Moonfall

8 Feb

Moonfall’: When you wish upon these stars, they’re B-listers you can rely on for a good ride

By Tom Meek

Friday, February 4, 2022

The title may sound like a Bond flick, but “Moonfall” is the latest disaster pic from Roland Emmerich (“2012,” “Godzilla,” “The Day After Tomorrow” and “Independence Day”) about, well, the moon crashing into the Earth. True to any disaster film formula, we embed with several diverse parties as the end of days approaches. First up, we have washed-up astronaut Brian Harper (Patrick Wilson, “Little Children”) and his former flight mate, Jocinda Fowl (Halle Berry, “Catwoman”), now head of NASA, who have to figure out why the moon is losing its orbit and heading toward Mother Earth. They’re both divorced and with kids, so the survival of humankind is extra imperative. With them as they launch off on an “Armageddon” (1998)/“Don’t Look Up” (2021)-like mission is a nerdy extrovert with IBS (a very Rickey Gervais-esque John Bradley of “Game of Thrones,” bringing the much-needed comic relief). Down on Earth, Harper’s ex-wife (Carolina Bartczak), new hubby (Michael Peña) and the divorced couple’s 18-year-old son, Sonny (Charlie Plummer), catch up with Fowl’s son (Zayn Maloney) and her nanny (Kelly Yu, who attended the Berklee College of Music).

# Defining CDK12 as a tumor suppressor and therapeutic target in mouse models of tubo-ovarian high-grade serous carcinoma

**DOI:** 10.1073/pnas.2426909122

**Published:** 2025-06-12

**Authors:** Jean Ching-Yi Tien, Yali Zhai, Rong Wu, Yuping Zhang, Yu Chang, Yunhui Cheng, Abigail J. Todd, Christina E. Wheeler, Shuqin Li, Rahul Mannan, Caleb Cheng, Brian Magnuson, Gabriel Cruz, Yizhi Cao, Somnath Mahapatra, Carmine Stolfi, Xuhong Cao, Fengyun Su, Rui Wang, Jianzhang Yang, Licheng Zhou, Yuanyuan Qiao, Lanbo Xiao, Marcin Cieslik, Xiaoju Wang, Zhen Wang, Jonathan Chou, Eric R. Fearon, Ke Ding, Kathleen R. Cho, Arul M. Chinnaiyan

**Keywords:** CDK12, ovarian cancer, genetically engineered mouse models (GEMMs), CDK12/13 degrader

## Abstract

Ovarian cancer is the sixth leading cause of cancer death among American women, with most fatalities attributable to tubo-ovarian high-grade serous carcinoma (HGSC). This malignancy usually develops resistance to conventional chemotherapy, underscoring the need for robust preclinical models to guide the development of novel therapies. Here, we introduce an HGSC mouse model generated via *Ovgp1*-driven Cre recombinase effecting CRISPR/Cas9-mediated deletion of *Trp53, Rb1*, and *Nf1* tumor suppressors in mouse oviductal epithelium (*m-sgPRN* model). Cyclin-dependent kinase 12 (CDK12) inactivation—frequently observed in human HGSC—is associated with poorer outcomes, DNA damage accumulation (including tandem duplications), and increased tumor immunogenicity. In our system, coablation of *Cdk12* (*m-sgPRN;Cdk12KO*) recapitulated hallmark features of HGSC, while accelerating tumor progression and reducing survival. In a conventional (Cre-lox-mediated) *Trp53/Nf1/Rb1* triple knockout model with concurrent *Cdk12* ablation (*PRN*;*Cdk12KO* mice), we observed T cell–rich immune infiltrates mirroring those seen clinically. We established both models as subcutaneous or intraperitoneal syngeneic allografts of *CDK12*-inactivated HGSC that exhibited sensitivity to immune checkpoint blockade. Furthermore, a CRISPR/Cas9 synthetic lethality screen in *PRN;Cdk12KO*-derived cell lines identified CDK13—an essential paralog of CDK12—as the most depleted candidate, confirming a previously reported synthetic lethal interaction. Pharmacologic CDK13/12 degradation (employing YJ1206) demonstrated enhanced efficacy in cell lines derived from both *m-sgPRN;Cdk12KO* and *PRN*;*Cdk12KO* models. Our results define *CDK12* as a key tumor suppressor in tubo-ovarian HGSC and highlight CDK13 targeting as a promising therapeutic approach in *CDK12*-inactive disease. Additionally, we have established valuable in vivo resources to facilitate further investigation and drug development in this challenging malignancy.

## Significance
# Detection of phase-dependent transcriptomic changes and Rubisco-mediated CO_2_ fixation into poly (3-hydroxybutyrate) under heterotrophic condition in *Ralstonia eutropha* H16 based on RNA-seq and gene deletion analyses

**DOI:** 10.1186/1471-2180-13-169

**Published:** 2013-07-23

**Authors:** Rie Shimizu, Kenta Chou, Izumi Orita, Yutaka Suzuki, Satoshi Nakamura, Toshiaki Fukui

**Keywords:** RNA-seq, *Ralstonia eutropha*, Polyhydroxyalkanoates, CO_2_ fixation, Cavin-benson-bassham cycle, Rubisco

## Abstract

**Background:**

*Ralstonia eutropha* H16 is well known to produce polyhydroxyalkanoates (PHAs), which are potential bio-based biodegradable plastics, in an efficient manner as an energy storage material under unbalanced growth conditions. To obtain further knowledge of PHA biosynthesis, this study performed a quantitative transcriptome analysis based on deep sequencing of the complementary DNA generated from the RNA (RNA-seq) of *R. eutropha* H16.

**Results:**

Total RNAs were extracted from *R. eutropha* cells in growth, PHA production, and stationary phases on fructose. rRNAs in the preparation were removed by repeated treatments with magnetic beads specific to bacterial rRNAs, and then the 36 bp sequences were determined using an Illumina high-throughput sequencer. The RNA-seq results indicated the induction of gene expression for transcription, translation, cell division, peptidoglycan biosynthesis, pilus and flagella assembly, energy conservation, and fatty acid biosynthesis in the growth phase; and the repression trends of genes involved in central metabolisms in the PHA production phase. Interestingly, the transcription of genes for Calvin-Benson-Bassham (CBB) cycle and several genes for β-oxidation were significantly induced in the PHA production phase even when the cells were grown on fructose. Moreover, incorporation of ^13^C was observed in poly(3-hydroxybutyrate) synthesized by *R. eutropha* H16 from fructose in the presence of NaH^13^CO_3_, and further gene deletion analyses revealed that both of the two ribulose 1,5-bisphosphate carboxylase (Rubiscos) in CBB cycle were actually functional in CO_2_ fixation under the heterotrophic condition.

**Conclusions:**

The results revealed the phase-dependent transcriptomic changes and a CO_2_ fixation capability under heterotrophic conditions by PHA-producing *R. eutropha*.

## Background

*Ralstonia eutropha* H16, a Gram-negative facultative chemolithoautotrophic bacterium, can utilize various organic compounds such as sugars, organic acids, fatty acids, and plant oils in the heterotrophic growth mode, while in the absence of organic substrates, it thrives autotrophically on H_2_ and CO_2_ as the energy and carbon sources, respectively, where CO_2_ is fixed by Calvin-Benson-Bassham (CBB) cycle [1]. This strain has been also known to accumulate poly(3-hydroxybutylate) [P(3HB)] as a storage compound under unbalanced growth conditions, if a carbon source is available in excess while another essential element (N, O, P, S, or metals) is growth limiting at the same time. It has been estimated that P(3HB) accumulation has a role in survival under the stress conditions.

That pretty much sets the table. The whole why the moon is falling is best left unsaid, though it does have something to do with other life forms and past moon missions – there’s a Deep Throat in the mix that conspiracy theorists should have a ball with. The fun (or not so) stuff are the tidal waves that pitch deep inland, and the intermittent disruption in the gravity field bringing chaos-inducing lifts that at least allow trapped parties to leap across a chasm. There are also some poorly behaved rednecks in a pickup truck looking out only for themselves. Much of “Moonfall” is pure cockamamie, but it moves and clicks with reason and purpose, and Wilson and Berry are hard to resist.

The funny thing about “Moonfall” is that it’s pretty much the antithesis to Adam McKay’s smug “Don’t Look Up,” in which the world has been alerted to our imminent demise and no one cares – or cares only for financial or status reasons. In Emmerich’s B-tier tear, there’s just instant mass hysteria and a stampede for the hills. It’s not as smart or daffy, nor does it have the star power of “Don’t Look Up,” yet feels more honest and real despite the steep grade of plausibility. Like Harper and Fowl pulling an old space shuttle from a museum for the mission, Emmerich’s taken what’s old and worn and made it fly again.